Rebooting Your Exercise Routine

Rebooting Your Exercise Routine

Raise your hand if you had trouble sticking to your exercise routine during the holidays. I sure did! Actually, my troubles started in early fall when I got very busy with a house remodeling project. Now the holidays are past, the project is mostly finished, and I need to get back to my exercise routine.

Your Wellness

Raise your hand if you had trouble sticking to your exercise routine during the holidays. I sure did! Actually, my troubles started in early fall when I got very busy with a house remodeling project. Now the holidays are past, the project is mostly finished, and I need to get back to my exercise routine.

But it's not easy. I took some baby steps last week, making it to the gym four times and doing one in-home workout. This week, I'll plunge (or lunge) ahead.
If your workout routine was upended, here are some tips for getting back on track:

Forgive yourself. Interruptions happen. I purposely cut back on exercising so I wouldn't be overwhelmed during the remodeling. Now it's time to accept that I'm a bit out of shape and move on from there.

Remember your goals. Whether you want to lose weight, increase endurance or just stay healthy, don't lose sight of those goals. Normally, my goal is to meet the federal recommendations for fitness: 2 hours and 30 minutes (150 minutes) of moderate-intensity aerobic activity every week, plus strength activities twice or more a week. But, after nearly four months of slacking off, I also need to add some weight loss goals. Whatever your goals, make sure they are measurable and attainable. For example, don't say, "I want to lose a lot of weight this year." Instead, try something like, "I plan to work out for half an hour at least five times a week, lift weights at least twice a week, follow a healthy eating plan (you add the specifics) and lose one pound a week for four weeks."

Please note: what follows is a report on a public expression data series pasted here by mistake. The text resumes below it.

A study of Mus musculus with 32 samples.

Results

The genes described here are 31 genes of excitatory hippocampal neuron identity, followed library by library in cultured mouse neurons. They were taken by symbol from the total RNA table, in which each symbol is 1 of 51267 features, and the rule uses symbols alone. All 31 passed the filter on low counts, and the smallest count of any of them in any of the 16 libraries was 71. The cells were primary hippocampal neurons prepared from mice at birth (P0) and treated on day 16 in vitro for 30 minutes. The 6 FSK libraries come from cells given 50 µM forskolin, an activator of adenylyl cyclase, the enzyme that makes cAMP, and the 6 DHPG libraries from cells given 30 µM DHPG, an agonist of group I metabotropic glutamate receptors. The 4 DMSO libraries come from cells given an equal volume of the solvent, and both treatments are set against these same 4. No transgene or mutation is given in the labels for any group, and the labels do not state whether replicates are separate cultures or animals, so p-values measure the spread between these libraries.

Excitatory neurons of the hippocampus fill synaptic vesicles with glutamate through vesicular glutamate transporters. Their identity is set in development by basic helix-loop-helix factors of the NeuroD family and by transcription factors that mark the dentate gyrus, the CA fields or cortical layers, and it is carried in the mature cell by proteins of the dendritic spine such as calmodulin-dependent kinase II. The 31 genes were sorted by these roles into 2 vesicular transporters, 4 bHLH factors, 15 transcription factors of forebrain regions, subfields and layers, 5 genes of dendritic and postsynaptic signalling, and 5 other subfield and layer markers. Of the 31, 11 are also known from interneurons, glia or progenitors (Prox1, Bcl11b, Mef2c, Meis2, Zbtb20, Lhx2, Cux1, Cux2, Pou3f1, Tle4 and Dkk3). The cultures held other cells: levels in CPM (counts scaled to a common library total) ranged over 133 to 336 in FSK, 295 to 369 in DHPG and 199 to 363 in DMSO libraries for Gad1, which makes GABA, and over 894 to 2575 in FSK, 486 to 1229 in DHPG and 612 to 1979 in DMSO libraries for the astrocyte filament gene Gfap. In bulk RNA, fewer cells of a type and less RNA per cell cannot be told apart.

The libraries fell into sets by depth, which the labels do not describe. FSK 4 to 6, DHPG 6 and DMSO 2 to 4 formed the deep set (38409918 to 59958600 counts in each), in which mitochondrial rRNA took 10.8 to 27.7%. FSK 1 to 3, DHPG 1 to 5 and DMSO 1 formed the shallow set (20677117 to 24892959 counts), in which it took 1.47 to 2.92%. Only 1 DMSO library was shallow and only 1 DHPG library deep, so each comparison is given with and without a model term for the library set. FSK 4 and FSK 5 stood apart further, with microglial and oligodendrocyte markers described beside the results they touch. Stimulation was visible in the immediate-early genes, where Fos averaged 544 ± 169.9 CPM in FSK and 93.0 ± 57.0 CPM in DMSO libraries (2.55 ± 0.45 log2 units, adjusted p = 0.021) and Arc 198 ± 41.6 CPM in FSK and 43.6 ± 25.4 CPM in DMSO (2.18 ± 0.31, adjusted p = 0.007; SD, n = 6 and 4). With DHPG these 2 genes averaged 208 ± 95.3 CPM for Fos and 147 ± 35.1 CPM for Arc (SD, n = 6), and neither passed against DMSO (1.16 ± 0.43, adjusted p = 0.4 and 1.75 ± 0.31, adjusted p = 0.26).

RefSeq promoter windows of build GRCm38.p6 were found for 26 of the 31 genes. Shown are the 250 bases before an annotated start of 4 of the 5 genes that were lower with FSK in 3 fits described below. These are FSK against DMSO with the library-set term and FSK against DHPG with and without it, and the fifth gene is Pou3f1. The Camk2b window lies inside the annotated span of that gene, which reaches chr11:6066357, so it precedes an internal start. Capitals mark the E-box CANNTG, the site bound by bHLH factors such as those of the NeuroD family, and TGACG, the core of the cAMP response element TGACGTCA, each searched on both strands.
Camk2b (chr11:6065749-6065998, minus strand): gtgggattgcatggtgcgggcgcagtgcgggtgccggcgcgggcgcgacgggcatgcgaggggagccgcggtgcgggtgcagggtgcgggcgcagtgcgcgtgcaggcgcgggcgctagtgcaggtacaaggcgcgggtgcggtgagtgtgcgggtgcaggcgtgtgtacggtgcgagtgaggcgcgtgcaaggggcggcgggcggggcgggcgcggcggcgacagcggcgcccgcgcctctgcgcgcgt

Ask a friend to help. If you think you'll have trouble sticking to your workout routine, find a workout buddy. Research shows that we're much more likely to show up for workouts when a friend is counting on us. Support from family and friends is a plus for all health-related goals!

Ease back into it. If you've not been exercising for several weeks or months, don't expect to pick up right where you left off. Have realistic expectations so you're not disappointed and give up. When I was working out regularly, I could easily do 30 minutes on the elliptical, followed by a weight circuit and some stretching. This week, I started with 20 minutes on the elliptical, reduced weights on the circuit and some stretching. You may be surprised how quickly you can get back in shape.

Try something new. Taking a new class or signing up for a few sessions with a trainer may rejuvenate your enthusiasm. If you always run or walk along a particular path, venture out in a new direction. If you've always wanted to take dance or tennis or ski lessons, go for it. It's a new year and mastering a new skill may boost your confidence, as well as your fitness.

Do what you love. You're unlikely to stick to a routine if you don't enjoy it. So, if you're really tired of going to the gym, look for a sport or class to explore instead. The only regular activity I did NOT give up during my lapse was yoga. It's too important to my overall physical and mental health. I love it.

Make adjustments. If your exercise routine was interrupted by something more major than the holidays (or a kitchen remodel), you may need to make some more major adjustments. If you moved to a new community, check out the fitness centers, parks and recreation opportunities around you. Lots of people will be out looking in January—don't be shy. If your exercise buddy moved away, start looking for a new one. If injuries, illness or surgery sidelined you, talk with your health care professional about how to safely resume exercising. You may need to start slowly and build back up, but you don't want to stay on the sidelines forever.

Kick the excuses to the curb. Sure, it's winter and frigid in parts of the country. Maybe it's not smart to venture out with ice, snow and dangerously cold temps, but you can still exercise at home. There are many good videos and online sites to explore. You can also dust off that in-home exercise equipment you once bought or just do some plain old calisthenics—you know, push-ups, lunges, jumping jacks, planks, sit-ups. Even housework counts if you tackle it vigorously. If it's movement, it will help you get fit!